This review originally appeared in the March 2014 edition of the Northern & Central California Cruisin’ News published out of Folsom, California – mg
I can now say without shame that the recently tested 2014 Equus Ultimate is every bit the player you would find wearing the badges of Acura, Lexus or Mercedes-Benz. Incredible, but true.
For the record, it’s priced like one of those luxo-laden autos. My ride had a bottom line of $68,920. And I can tell you with a straight, cold-sober face that the lofty price is absolutely justified.
Standard features? I’m talking about electronic active front head restraints, a digital heads-up readout that shows vehicle speed and the presence of cars rolling close to your left and right rear bumpers, a smart cruise control system with auto stop/start technology, LED turn signal indicators, a parking-assistance system linked to a rearview camera, premium leather surfaces throughout the cockpit, a heated steering wheel with leather-and-wood trim and a primo navigation system, including cemeteries marked by a tombstone icon. Love that last part.
Keep in mind that this is the VERY short list of the goodies. It’s a remarkable package for a South Korean automaker formerly known as an exporter of automobiles that were little better than shell-covered roller skates.
The exterior look is classy-sporty, with the sporty side getting a major bump from are-you-kidding-me 19-inch, turbine-blade polished silver wheels. My tester drew crowds when parked. It was that alluring.
On the fly, a 5-liter, the 429-horsepower V-8 dished out power and performance in ever-pleasing doses under the command of my right foot. Power was not necessarily rip-roaring but smoothly spread out like spilled honey. Most four-wheel pretenders simply fell off when I asked the Equus for full power during freeway commutes.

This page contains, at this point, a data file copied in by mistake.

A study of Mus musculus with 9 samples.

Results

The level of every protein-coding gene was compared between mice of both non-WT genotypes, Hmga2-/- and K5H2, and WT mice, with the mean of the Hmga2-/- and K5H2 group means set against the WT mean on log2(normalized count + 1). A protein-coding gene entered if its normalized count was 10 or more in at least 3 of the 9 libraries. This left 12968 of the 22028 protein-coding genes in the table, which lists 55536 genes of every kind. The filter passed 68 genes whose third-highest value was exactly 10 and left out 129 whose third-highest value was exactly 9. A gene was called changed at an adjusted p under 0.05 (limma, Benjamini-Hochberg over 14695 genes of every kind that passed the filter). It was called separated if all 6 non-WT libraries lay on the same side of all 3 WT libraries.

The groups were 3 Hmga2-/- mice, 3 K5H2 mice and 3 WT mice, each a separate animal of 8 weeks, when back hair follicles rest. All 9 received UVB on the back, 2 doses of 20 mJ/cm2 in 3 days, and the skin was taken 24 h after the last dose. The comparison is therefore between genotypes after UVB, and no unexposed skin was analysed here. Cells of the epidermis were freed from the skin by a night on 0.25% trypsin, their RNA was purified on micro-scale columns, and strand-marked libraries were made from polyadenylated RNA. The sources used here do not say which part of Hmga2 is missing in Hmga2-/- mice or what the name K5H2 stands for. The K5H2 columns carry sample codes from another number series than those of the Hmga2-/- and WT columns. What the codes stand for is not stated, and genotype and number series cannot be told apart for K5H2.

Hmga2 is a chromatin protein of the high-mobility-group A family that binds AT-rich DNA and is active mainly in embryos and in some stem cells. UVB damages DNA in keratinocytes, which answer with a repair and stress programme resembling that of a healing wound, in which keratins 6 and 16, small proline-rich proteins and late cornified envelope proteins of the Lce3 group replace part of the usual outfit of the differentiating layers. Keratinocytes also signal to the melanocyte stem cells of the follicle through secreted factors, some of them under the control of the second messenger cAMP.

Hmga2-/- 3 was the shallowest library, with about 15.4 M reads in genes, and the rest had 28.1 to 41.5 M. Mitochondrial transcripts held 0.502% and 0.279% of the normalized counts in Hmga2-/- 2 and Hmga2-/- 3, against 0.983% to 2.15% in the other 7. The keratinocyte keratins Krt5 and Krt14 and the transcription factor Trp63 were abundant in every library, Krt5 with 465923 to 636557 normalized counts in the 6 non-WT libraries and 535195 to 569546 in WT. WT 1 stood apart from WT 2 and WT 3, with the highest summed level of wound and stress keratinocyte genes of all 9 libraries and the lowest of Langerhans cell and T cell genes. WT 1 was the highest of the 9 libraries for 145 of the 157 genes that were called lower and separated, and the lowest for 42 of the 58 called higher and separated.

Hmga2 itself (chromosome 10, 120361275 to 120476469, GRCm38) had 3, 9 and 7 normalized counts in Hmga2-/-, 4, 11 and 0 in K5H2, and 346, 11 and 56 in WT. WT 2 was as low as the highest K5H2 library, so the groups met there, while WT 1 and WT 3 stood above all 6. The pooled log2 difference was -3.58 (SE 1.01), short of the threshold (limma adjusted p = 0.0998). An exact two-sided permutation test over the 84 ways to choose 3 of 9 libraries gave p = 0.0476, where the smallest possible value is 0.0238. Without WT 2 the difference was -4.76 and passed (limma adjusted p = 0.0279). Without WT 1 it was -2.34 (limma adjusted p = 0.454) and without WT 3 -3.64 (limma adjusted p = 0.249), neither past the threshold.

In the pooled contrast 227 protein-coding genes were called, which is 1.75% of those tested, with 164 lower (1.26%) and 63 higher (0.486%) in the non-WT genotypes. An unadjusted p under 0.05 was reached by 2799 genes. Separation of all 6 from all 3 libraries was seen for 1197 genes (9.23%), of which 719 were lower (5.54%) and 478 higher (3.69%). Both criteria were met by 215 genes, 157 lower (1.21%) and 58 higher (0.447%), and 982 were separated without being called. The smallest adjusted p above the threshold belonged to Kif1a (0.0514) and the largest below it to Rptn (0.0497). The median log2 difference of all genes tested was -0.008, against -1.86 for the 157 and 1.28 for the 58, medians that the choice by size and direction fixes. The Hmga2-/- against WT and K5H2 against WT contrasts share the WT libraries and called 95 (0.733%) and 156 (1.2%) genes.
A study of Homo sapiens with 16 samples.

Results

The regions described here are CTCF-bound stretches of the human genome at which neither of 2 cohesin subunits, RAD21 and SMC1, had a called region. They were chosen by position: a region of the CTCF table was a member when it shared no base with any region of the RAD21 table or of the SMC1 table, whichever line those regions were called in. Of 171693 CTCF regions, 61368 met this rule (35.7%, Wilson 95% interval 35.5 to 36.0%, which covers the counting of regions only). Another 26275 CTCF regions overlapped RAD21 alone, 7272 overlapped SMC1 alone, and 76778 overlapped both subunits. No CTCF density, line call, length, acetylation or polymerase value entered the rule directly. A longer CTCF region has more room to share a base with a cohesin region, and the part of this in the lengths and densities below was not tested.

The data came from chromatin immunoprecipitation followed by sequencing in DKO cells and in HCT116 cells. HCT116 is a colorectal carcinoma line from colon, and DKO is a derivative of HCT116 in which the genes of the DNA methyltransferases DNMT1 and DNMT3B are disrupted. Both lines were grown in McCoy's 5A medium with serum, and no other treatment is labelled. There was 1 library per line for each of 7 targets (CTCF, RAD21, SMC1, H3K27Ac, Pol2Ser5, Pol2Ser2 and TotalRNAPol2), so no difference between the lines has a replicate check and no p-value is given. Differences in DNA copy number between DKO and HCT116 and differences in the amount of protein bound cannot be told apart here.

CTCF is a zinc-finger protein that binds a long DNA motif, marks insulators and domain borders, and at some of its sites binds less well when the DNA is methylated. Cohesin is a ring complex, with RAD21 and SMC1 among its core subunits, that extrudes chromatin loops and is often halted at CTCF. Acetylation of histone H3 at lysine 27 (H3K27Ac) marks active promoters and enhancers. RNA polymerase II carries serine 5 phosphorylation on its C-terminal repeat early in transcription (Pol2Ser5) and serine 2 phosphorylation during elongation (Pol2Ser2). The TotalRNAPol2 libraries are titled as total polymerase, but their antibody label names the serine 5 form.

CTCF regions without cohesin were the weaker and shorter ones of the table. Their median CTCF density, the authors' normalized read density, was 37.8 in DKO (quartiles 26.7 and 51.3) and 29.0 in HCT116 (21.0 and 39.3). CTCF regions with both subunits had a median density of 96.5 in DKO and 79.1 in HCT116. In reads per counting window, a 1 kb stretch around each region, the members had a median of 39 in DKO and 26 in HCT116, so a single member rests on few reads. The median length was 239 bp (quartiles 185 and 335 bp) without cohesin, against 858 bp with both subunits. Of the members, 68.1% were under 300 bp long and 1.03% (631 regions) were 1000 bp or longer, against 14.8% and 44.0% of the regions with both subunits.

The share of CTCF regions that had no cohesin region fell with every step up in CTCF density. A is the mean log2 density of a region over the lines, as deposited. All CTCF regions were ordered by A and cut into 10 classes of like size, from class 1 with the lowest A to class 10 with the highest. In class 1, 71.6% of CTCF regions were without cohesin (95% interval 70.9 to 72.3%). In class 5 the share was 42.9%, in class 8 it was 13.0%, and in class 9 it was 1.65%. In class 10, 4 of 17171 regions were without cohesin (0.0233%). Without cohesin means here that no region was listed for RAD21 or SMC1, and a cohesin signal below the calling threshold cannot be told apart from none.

And yet, cockpit noise was minimal. In-car conversations that can be heard among five people with plenty of room to spread out. Simple pleasures there, but kind of hard to find in full-size sedans today. Kudos to Hyundai engineers.
Fuel mileage was, uh, not so great at an advertised 15 miles per gallon in the city and 23 mpg on the highway. The Hyundai warranties, per usual, are excellent.
Remember that this 2014 Equus is an upgrade of a previous-generation car, but upgrade doesn’t really cover it. Quantum leap is more appropriate.
Would I buy an Equus against comparative hardware made by Lexus, Acura, Infiniti or Mercedes-Benz? I’m not sure I can answer that, but the fact that the Equus is even in that discussion speaks volumes.
The Equus is what I’d call “Hyundai to the Max,” and yeah, the max is pretty magnificent.